Wednesday, September 18, 2013

Your Medical Practice’s SWOT Analysis

SWOT in Medical PracticeNow part of basic business vocabulary, the term “SWOT analysis” has its origins in research conducted and published by the Stanford Research Institute back in the 1960s. Fortune 500 companies funded the research in an effort to understand why corporate planning often resulted in failure. Its success as a “forensic” tool led to its adoption as a strategic tool, and eventually it became the standard process for Western business planning.

SWOT is the abbreviation for Strengths, Weaknesses, Opportunities, Threats, and the analyses can be extensive and complex or short and sweet. The bigger your proposed plans, the more detailed research you need—and the more likely you’ll need outside help. But for your annual strategic planning and for analyzing opportunities that crop up from time to time, you can adopt a SWOT mindset that will help you make more objective choices.

For Example . . .

A sales rep sitting across your desk opens up a slick brochure describing a new office-based procedure that will supposedly boost your revenues by an amount that makes the equipment’s $100,000 price tag pale by comparison. He or she may provide complicated spreadsheets and return-on-investment analyses, as well as testimonials and references from other physicians who give glowing reports of financially successful programs. During difficult economic times, you may easily dismiss the salesperson without giving a fair hearing to what may actually be a great opportunity. On the other hand, you might rush into a questionable deal when things are going relatively well. Use the SWOT model to bring more objectivity to the decision-making process and help you rely less on your gut feelings. Determine how well the service under consideration meshes with your practice’s strengths, weaknesses, opportunities, and threats. Even more important, ask SWOT questions about the program itself. The sales rep will enthusiastically provide you with the strengths and opportunities, but you’ll have to do some digging to ferret out the weaknesses and threats.  Negative findings don’t necessarily indicate that you should reject the idea. The negative simply offsets the positive and helps you develop a balanced view of the risks and potential rewards. In the end, you’ll have to accept a certain amount of risk. Objective data and analysis will greatly increase your ability to tolerate reasonable risk.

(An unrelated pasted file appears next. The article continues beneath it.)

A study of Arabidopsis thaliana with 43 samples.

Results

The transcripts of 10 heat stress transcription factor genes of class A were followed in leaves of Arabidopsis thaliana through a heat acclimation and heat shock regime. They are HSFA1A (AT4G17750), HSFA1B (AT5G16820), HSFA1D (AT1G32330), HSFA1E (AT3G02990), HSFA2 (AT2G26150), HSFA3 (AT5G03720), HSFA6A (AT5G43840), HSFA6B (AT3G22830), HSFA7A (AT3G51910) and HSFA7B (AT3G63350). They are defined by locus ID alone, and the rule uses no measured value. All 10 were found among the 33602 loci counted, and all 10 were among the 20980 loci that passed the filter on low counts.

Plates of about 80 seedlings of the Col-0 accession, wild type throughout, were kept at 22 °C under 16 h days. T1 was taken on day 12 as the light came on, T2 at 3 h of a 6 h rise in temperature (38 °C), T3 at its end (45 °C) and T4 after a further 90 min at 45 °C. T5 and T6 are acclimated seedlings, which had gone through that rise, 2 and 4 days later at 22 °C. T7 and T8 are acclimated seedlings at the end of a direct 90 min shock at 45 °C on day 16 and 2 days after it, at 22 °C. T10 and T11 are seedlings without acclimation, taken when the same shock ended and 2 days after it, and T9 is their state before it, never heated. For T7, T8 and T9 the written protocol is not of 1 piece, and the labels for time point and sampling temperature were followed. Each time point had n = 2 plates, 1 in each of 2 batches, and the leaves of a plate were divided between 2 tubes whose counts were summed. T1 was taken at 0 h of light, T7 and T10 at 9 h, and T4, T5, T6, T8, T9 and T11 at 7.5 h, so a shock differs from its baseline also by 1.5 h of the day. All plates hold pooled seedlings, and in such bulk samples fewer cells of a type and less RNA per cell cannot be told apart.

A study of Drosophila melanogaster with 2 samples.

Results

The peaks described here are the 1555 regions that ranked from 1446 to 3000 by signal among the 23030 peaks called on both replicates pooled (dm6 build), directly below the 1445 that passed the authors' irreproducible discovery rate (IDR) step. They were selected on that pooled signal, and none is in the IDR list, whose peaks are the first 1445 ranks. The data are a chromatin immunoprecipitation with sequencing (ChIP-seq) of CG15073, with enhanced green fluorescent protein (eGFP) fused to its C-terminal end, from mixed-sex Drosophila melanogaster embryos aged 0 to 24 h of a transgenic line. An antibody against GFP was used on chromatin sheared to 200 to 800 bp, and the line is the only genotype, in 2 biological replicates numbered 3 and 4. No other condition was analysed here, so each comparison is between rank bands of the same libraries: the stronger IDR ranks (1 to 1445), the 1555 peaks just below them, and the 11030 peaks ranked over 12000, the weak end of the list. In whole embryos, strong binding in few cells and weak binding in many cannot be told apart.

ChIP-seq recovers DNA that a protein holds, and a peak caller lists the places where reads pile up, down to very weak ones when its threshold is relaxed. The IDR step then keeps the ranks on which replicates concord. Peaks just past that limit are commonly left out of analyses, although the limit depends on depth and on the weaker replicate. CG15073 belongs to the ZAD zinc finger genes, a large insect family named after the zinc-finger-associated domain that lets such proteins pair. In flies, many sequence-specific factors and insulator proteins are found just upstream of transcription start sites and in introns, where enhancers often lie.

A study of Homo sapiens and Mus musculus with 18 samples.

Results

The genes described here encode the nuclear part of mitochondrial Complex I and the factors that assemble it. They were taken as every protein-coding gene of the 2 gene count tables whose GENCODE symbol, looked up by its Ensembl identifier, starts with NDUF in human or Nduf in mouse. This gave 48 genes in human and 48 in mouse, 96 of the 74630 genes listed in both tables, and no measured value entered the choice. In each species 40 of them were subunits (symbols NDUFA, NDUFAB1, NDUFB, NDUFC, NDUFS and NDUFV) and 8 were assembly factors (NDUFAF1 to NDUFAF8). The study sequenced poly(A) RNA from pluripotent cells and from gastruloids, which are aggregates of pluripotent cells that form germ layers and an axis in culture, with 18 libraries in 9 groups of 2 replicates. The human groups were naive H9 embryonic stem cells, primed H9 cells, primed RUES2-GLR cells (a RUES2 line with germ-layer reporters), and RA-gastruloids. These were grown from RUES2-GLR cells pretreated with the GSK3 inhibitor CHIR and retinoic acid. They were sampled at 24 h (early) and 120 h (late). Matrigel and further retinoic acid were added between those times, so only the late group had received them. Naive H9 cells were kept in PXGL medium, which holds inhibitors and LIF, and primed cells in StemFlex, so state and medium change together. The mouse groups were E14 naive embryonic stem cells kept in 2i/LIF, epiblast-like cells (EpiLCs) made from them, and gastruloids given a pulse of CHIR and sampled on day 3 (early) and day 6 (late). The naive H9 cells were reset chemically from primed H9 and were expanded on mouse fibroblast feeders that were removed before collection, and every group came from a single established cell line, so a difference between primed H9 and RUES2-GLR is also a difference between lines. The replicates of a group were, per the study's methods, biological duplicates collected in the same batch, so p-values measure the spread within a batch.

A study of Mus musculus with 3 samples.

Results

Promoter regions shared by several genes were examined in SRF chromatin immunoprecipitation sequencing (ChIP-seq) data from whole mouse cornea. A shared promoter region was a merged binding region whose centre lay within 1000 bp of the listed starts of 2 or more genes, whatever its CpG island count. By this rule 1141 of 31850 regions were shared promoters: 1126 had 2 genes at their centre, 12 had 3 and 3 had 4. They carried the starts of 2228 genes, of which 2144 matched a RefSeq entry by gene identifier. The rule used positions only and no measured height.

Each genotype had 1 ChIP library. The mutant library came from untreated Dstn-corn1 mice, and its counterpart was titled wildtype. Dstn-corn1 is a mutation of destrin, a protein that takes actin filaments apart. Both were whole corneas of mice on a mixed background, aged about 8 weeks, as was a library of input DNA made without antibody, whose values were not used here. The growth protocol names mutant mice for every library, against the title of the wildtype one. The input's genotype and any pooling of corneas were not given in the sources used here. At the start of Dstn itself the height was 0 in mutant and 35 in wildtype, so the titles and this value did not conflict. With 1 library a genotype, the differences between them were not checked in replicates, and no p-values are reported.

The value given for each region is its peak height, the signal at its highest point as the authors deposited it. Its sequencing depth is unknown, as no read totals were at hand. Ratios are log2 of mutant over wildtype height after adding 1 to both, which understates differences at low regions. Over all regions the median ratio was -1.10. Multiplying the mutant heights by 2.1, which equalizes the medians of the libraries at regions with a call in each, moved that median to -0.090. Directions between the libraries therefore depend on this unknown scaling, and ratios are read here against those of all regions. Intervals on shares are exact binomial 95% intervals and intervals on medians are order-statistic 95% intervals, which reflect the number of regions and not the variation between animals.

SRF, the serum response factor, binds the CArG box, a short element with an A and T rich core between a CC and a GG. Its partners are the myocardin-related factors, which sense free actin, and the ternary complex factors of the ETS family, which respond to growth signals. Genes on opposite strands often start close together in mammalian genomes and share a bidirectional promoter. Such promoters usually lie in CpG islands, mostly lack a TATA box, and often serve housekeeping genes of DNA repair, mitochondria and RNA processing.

When considering a new business strategy, medical groups will make better decisions and draw conclusions with greater confidence if they take the time to conduct a SWOT analysis first. In fact, practices can avoid the chaos and panic of habitual “crisis management” by conducting regular analyses—at least once a year. Fundamentally, a SWOT analysis requires practice leaders to take a step back from day-to-day difficulties and look objectively at the practice’s:
  • Strengths: What’s good about your practice? Where do you excel or lead your market? Where’s your competitive advantage?
  • Weaknesses: Where do you need improvement? In what areas do you lag behind average performance for similar medical groups?
  • Opportunities: What needs exist in your market that your practice can fill? What weaknesses in your competition can you exploit?
  • Threats: What stands between you and the success you envision? Do your greatest threats come from competitors? From payors? From your local health system? From government regulations?
Your goal is to gather and analyze objective data—test your impressions and feelings against the hard facts. Then figure out the strategic response that makes the most sense and has the best chance for success.